SPECIAL TO WORLD TRIBUNE.COM
Thursday, July 24, 2003

Iran has announced that it is still holding a large number of Al Qaida members.

Iranian officials have confirmed that senior Al Qaida agents are among the detainees. They said at least 100 Al Qaida members remain in custody.

"Since the collapse of the Taliban regime we have arrested a large number of them," Iranian Intelligence Minister Ali Yunesi said on Wednesday.

Last year, Iran was said to have detained 500 Al Qaida members who fled from Afghanistan in late 2001 and early 2002, Middle East Newsline reported. Most of the Al Qaida members were said to have been released.

"Many of them have been expelled and a large number of them are in our custody a mixture of big and small members. I said big and small members."

Yunesi did not elaborate. He did not identify any of the Al Qaida detainees and refused to provide a figure for those being held by Iran.

"Wherever we learn of some clues about people connected to Al Qaida, we launch intelligence operations and arrest them," Yunesi told a news conference. "We are ready to hand over those Al Qaida members with whose countries we have friendly ties."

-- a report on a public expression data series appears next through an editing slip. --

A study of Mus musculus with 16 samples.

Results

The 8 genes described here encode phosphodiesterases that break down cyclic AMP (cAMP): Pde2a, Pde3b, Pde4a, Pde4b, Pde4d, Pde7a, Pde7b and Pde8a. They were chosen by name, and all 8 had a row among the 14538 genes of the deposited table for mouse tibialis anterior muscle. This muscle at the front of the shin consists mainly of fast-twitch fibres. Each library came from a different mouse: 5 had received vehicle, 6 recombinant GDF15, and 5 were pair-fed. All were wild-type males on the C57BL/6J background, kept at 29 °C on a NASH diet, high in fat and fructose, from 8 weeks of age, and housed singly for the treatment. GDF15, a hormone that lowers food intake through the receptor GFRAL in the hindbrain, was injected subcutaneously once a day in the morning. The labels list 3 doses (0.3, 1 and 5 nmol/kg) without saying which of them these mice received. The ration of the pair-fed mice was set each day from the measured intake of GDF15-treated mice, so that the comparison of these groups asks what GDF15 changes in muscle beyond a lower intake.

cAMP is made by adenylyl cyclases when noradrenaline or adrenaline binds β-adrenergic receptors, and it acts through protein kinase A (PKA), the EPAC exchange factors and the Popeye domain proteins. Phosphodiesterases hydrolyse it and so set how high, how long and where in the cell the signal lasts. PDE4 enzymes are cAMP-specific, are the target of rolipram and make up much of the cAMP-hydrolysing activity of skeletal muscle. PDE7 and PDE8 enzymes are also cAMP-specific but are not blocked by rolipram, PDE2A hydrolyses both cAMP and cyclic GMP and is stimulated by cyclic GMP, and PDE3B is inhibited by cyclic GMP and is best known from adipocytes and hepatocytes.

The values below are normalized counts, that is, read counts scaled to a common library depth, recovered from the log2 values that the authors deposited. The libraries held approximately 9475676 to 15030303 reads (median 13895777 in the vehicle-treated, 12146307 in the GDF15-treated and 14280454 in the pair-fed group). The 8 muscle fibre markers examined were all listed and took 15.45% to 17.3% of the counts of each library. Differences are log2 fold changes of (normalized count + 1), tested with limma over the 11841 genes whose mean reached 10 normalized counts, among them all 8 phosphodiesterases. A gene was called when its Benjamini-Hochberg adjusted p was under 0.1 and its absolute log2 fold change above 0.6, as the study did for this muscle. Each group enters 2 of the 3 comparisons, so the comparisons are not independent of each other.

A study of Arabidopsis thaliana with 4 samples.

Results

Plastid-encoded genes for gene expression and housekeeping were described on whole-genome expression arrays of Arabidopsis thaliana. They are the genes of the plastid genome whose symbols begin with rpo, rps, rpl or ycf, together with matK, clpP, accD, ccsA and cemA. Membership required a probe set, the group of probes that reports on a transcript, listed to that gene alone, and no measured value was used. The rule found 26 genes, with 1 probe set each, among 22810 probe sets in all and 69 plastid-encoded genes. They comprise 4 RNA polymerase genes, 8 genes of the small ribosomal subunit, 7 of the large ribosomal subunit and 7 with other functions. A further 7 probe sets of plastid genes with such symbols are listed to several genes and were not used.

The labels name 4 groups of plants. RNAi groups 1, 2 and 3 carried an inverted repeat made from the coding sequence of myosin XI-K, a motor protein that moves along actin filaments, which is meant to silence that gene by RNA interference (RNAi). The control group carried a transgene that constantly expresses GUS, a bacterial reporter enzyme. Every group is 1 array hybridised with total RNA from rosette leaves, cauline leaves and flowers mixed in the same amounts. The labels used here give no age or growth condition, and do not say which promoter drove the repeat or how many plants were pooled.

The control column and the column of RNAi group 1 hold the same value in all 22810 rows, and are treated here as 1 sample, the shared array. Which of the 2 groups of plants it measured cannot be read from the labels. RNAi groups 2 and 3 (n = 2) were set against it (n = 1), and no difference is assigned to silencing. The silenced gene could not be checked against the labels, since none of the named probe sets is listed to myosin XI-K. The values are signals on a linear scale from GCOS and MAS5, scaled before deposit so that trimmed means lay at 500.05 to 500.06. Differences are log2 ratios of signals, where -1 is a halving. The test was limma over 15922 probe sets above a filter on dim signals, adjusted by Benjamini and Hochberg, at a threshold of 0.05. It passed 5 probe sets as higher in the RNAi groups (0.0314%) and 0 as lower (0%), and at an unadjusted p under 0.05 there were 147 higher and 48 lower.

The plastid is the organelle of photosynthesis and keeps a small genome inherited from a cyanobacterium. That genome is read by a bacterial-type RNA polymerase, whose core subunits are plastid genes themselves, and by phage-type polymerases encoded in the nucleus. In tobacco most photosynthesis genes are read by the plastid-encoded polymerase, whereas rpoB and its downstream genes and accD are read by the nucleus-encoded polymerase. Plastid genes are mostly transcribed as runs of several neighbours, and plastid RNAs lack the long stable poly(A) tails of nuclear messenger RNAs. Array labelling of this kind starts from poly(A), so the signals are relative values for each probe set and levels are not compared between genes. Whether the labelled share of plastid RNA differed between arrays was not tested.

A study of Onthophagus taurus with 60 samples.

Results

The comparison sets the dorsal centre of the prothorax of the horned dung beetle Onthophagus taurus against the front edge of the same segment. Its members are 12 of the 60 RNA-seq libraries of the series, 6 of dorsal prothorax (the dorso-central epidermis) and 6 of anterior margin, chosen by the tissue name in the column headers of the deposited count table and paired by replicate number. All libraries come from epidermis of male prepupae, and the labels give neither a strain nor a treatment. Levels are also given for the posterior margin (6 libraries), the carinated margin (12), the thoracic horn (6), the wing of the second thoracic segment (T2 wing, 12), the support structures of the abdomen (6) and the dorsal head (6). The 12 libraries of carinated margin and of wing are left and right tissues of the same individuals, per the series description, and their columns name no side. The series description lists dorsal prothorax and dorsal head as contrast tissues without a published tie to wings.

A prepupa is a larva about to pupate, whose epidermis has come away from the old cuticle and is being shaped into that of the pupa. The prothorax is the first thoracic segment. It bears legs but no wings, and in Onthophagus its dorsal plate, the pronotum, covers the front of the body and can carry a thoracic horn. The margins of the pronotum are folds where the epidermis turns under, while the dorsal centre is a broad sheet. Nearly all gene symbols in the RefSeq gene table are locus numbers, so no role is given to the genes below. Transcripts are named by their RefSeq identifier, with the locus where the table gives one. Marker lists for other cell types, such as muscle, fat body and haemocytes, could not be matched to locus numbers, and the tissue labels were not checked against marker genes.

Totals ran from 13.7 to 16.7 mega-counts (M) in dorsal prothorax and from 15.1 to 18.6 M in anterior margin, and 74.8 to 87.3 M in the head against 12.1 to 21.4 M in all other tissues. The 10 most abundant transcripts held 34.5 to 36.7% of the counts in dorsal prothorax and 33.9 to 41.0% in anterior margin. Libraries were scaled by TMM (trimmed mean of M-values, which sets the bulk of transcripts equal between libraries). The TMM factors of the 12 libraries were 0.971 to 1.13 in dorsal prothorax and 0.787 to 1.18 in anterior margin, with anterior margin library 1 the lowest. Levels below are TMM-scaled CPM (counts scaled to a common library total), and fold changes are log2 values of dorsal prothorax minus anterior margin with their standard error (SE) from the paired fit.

Interior Minister Abdolvahed Mussavi Lari was quoted by the official Islamic Republic News Agency as saying that Teheran plans to soon extradite Al Qaida members. Lari said some of the Al Qaida agents would be sent to countries that have signed agreements with Iran. He said others would be placed on trial.

Earlier, Western diplomatic sources said Iran has been holding such Al Qaida leaders as the son of Osama Bin Laden, the No. 2 member of the movement, Ayman Zawahiri, and operations chief Seif Al Adel.

The sources also said Abu Musab Zarqawi and training chief Abu Mohammed Al Masri have been captured over the last few months.

Iran has acknowledged that it is holding Al Qaida spokesman Suleiman Abu Gheith, a Kuwaiti native. But Kuwait has rejected Iran's extradition of Abu Gheith to the sheikdom.

Iran and Saudi Arabia have also discussed the extradition of Al Qaida insurgents to the kingdom. Earlier this month, the two countries signed an accord that would allow for the extradition of suspects.

The United States has tried to obtain Iranian agreement for the extradition of at least two Al Qaida insurgents, Al Adel and Al Masri, both connected to the 1998 bombings of two U.S. embassies in Africa. Egypt is said to have relayed a request for the extradition of Zawahiri, head of the Jihad insurgency group.

"I think it is significant that they have now acknowledged rather publicly the presence and detention of Al Qaida members," U.S. Secretary of State Colin Powell said in Washington. "We are not in receipt of those names."